When it comes to beautiful devastation, these pests have it covered.
In an effort to call attention to the impact of invaders–whether insect or plant–on food security and the environment, the International Plant Protection Convention recently wrapped up a photo contest called Pests Without Borders.
So, how big a deal are agricultural pests? Very big, IPPC says, especially because they travel the globe, packed in with the plants and flowers and fruits we bring into our stores and homes.
For example, in Southern Italy, olive trees are succumbing to a foreign bacteria that may reduce the harvest by nearly half. Italy is second only to Spain in global olive oil production, and, not to start any fights here, but many chefs consider it the best in the world. Less olive oil drives up prices, making a precious global commodity even more so.
But it’s not just oil, it’s forests, fruit and water, too. Fruit fly eradication costs agriculture millions of dollars a year–think about those annoying little guys flying around your fruit bowl in the summer, and multiply by a gazillion and a half, and you’ll get an idea of the scope of the problem berry farmers face.
Then there are invasive aquatic plants like the pretty water hyacinth are choking ecosystems far from their native South America. And we’re not even talking about the higher-order pests, like the lionfish, which some chefs have begun cooking in an effort to curb their carnivorous encroach. (See Fighting Back Lionfish for Invasive Species Awareness Week.)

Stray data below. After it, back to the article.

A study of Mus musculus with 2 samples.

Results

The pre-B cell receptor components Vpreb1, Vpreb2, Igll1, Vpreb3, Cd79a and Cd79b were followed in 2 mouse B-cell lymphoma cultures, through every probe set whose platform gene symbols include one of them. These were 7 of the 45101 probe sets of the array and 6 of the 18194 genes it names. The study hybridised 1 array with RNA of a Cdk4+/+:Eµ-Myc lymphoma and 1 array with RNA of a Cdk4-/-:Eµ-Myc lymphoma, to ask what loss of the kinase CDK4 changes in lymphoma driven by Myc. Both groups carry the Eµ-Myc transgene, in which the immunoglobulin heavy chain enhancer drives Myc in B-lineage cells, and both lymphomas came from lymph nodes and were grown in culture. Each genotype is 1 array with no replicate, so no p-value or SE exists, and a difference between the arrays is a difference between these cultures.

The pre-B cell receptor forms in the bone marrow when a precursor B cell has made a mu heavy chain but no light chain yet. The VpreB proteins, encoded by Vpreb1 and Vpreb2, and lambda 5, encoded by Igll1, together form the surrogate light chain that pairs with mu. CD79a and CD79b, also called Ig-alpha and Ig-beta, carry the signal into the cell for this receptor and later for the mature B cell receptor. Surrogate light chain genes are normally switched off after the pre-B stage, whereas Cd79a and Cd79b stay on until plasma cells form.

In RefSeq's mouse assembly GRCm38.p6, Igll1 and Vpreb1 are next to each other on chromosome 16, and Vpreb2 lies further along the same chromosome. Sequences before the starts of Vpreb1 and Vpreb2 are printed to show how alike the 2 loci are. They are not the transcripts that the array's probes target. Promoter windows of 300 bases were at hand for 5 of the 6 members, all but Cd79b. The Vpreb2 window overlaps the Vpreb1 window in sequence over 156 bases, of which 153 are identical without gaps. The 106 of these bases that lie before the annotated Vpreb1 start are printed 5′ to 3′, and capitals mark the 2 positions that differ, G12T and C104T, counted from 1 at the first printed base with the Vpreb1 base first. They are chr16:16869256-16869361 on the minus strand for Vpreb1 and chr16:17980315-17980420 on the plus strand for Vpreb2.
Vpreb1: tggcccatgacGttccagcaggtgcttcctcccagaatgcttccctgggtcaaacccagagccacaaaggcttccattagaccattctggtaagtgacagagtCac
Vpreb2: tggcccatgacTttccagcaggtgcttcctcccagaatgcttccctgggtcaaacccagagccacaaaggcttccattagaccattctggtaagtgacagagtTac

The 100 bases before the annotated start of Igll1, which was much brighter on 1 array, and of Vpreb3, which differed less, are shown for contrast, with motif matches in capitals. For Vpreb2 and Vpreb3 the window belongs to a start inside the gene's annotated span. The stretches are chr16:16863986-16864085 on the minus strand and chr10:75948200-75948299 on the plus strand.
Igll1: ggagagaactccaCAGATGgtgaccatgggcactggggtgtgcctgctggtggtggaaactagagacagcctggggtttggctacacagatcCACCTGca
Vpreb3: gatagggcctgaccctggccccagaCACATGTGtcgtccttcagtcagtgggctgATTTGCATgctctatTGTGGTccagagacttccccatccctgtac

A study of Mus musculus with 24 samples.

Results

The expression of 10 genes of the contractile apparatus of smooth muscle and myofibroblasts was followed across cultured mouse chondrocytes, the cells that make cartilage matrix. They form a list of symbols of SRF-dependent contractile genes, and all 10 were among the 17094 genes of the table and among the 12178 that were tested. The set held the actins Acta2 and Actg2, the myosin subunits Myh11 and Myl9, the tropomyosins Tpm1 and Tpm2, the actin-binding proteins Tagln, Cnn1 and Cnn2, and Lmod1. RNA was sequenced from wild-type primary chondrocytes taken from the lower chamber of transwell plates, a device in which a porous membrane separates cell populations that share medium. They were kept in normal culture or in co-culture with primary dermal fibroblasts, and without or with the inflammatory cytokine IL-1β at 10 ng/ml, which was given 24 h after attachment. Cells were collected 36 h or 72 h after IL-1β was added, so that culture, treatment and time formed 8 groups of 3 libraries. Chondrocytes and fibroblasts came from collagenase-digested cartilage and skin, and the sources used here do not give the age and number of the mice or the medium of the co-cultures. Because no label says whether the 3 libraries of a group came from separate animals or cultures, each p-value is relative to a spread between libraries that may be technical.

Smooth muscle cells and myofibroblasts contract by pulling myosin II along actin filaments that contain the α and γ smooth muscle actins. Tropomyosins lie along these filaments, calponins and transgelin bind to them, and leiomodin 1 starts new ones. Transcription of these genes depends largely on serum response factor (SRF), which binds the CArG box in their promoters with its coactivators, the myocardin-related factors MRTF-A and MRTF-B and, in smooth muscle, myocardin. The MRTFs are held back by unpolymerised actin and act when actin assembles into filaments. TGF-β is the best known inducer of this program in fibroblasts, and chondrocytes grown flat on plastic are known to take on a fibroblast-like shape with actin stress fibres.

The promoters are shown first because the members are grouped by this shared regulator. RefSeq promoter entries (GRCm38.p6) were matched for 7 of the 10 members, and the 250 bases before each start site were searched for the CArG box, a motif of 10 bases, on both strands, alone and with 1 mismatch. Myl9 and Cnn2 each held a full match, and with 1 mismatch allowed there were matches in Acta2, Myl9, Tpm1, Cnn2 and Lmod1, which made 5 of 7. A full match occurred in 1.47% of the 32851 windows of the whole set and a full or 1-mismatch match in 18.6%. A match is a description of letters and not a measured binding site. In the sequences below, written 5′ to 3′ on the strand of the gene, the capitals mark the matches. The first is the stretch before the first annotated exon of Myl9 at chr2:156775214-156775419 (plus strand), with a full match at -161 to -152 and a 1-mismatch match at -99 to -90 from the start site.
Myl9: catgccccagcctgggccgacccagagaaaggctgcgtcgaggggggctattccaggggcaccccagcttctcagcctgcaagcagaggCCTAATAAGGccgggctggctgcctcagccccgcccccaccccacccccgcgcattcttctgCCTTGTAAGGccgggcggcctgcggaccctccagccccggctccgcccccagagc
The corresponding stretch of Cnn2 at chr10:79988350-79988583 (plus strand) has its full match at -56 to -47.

It’s the trees Thomas Schröder of the Institute for National and International Plant Health in Braunschweig, Germany, worries about. He took the winning Pests Without Borders photo when he was looking for infestations in a forest, and captured this baby zig zag elm sawfly in action. “I went there on a sunny weekend to look for the infestation and to take pictures. Luckily the damage was not very high,” he tells IPPC. But this particular type of sawfly, which arrived in Europe in about 2003, is capable of completely defoliating elms from its native east Asia. And this is a concern to European officials because after the devastation wrought by Dutch Elm Disease, many of the continent’s native species have been crossbred with sturdier Asian trees.
(For more on forest devastation by pests, see National Geographic’s coverage of the pine beetle epidemic out in the American West.)
In second place was Derric Nimmo of the United Kingdom, with this photograph of diamondback moths (Plutella xylostella). The larvae make holes in brassica crops like cabbage, broccoli and kale, and the moths lay eggs on the undersides of leaves, making them easy to miss.
The Pests Without Borders photos have been turned into posters, alerting people to what the pests look like and how they are being addressed.
For more visuals on the pests in the contest, check out the IPPC shortlist.